Pete Buttigieg, the 38-year-old former mayor of South Bend who saw a meteoric rise from virtual unknown to top-tier contender and became the first gay candidate to make a high-profile presidential run, is ending his campaign.
The development marks an abrupt end to what was briefly an ascendant candidacy, as Buttigieg won the Iowa caucuses and came in second in New Hampshire. But despite attracting enormous attention, significant support and sometimes enthusiastic crowds, there was no clear path forward toward the nomination.
Buttigieg’s decision comes shortly before Super Tuesday, the biggest primary day of the year, at a time when the Democratic race shows signs of becoming a race between Sen. Bernie Sanders and former vice president Joe Biden, with Biden occupying a centrist position that Buttigieg had hoped to make his own.
If there was one vulnerability that felled him, it was his inability to win trust or support from black voters, a key pillar of the Democratic coalition.
After a fourth-place finish in South Carolina Saturday—and results that showed he achieved abysmal levels of support with black voters—Buttigieg consulted with his team Saturday night before flying to Georgia to meet with former President Jimmy Carter ON Sunday. His campaign scheduled a Sunday night call for donors, and did not provide a subject.
Earlier that day, his campaign held a call with reporters in which senior adviser Michael Halle and deputy campaign manager Hari Sevugan made the case that while Buttigieg likely wouldn’t win any of the 14 states that vote Tuesday, Buttigieg could still accumulate enough delegates to keep Sanders’s lead to a minimum.
But Buttigieg’s campaign has also been realistic about its poll numbers, which allowed him to declare victory in Iowa before official results came in. His Sunday exit suggests his campaign’s internal numbers showed Buttigieg would not be able to stay within striking distance of Sanders on Super Tuesday.
Buttigieg made history by becoming the first openly gay candidate to earn delegates for the presidential nomination in a major political party. He also broke barriers by making his marriage to his husband Chasten a major part of his campaign.
Also the youngest candidate in the Democratic race, he formally launched his campaign last April from a formerly shuttered Studebaker plant in South Bend. His pitch from the get-go was that his youth and lack of Washington political experience were assets, not drawbacks.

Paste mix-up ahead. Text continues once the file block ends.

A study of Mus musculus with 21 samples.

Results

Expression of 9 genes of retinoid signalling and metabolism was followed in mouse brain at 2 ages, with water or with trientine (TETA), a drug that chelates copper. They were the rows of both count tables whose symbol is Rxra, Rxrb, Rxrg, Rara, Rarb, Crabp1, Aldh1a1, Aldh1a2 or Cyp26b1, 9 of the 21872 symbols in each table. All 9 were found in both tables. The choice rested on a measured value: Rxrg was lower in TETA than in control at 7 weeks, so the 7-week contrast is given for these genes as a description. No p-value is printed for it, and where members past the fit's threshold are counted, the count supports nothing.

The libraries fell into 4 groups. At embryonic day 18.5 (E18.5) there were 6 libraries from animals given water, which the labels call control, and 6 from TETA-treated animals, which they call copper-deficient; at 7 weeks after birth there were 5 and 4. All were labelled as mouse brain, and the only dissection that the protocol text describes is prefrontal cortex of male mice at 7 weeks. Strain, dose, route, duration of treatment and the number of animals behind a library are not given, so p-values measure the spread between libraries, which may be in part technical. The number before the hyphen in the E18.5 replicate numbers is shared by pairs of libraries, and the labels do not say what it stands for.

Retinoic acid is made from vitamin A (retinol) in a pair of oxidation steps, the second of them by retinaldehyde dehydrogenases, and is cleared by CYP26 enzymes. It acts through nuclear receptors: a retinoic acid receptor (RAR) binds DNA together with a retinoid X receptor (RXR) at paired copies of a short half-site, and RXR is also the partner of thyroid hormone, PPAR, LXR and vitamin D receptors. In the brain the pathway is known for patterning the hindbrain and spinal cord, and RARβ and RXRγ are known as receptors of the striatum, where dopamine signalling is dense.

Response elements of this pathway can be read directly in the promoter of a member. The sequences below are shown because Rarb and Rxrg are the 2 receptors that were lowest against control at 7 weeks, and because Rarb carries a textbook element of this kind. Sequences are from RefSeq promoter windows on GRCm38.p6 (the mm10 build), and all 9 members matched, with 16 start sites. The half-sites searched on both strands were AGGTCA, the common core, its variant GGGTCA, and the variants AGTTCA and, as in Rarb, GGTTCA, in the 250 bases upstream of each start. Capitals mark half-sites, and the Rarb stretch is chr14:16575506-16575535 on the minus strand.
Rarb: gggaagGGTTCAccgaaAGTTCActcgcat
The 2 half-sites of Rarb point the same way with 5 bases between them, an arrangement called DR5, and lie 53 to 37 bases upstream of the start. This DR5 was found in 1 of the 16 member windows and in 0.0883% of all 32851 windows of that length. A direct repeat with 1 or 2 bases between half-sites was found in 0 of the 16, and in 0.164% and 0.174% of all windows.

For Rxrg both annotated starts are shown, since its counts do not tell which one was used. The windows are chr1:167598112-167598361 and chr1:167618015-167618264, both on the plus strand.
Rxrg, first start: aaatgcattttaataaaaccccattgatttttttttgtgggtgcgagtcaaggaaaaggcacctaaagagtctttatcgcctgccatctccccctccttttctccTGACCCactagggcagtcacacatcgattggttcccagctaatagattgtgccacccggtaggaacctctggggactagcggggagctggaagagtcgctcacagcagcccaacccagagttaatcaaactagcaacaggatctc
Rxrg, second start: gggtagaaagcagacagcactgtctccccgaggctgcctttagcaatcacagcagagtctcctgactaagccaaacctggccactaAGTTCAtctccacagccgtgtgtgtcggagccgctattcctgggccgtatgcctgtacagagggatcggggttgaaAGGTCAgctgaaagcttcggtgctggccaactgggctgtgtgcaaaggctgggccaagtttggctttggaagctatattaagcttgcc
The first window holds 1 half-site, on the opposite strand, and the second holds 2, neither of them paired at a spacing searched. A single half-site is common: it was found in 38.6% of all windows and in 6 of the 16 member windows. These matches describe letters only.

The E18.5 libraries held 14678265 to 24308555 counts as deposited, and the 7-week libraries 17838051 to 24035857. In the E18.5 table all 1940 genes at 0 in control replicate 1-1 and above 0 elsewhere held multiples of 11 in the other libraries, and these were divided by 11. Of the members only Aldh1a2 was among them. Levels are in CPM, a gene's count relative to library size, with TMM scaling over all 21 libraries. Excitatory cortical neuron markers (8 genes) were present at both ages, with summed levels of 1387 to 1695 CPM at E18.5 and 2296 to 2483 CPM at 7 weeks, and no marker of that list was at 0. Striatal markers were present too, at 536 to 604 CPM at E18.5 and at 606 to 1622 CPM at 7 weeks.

In early interviews and campaign speeches, Buttigieg was fond of saying he was the only “left-handed, Maltese-American, Episcopalian, gay millennial-war veteran” in the race—a tongue-in-cheek way of condensing his biography but also of introducing himself to the public. Outside of winning two terms as mayor of South Bend, his highest-profile elections had been a failed 2017 bid for the chair of the Democratic National Committee and running for Indiana state treasurer in 2010, when he lost to the Republican incumbent by more than 20 points.
Nevertheless, with an aggressive, no-holds-barred media exposure strategy, Buttigieg managed to rise in the public consciousness over 2019 and soon began raising more money and polling higher than many of his opponents who were governors or sitting members of Congress. Buttigieg’s obvious intelligence and eloquence excited many Democratic voters looking for a powerful counter-force to President Trump.
He promised to usher in “generational change” to the White House and deliberately avoided releasing detailed plans at first, though he spoke of big ideas like abolishing the electoral college and restructuring the Supreme Court.
Along the way, his use of South Bend as the backbone of his experience were both a boon to his candidacy and also a threat to undo his campaign at times. After a white police officer shot a black South Bend resident in June, Buttigieg was widely criticized for his handling of the matter — as well as his general relationship with the South Bend Police Department and the city’s minority residents. The shooting set off weeks of protests, briefly taking Buttigieg off the campaign trail.
Still, his profile continued to rise, and by last fall, Buttigieg had shifted to a more moderate lane as he tried to seize a middle ground between Biden and Sen. Elizabeth Warren, D-Mass., whom he targeted repeatedly over universal healthcare, arguing that his approach—adding a public option that he dubbed “Medicare for All Who Want It”—was superior because it left “choice” to the American people.
“The way we think this shapes up is, if you want the most ideological, far-out candidate possible, you’ve got your answer. You want the most Washington candidate possible, you’ve got your answer,” Buttigieg said in November. “Everybody else, I think, can come our way. I think that’s almost everybody.”
The strategy initially paid off. Buttigieg went on to narrowly win the Iowa caucuses in February and came in second in New Hampshire. His troubles appealing to minority voters, however, hampered him as the race moved on to more diverse states. He came in third in Nevada and fourth in South Carolina, winning over only two percent of the state’s black voters.
Still, his campaign vowed to press on through Super Tuesday, arguing that Buttigieg was the best-positioned moderate candidate to challenge Sanders. Buttigieg increasingly targeted the Vermont senator, warning that nominating Sanders would be detrimental for down-ballot races.
Buttigieg accumulated 26 delegates in the race—most ever for an openly gay candidate, and far more than anyone expected him to accumulate at the beginning of his longshot bid. After strong showings in predominantly white states, Buttigieg’s results began to dimish as the race moved to more diverse electorates. Ultimately, he decided they were unlikely to improve.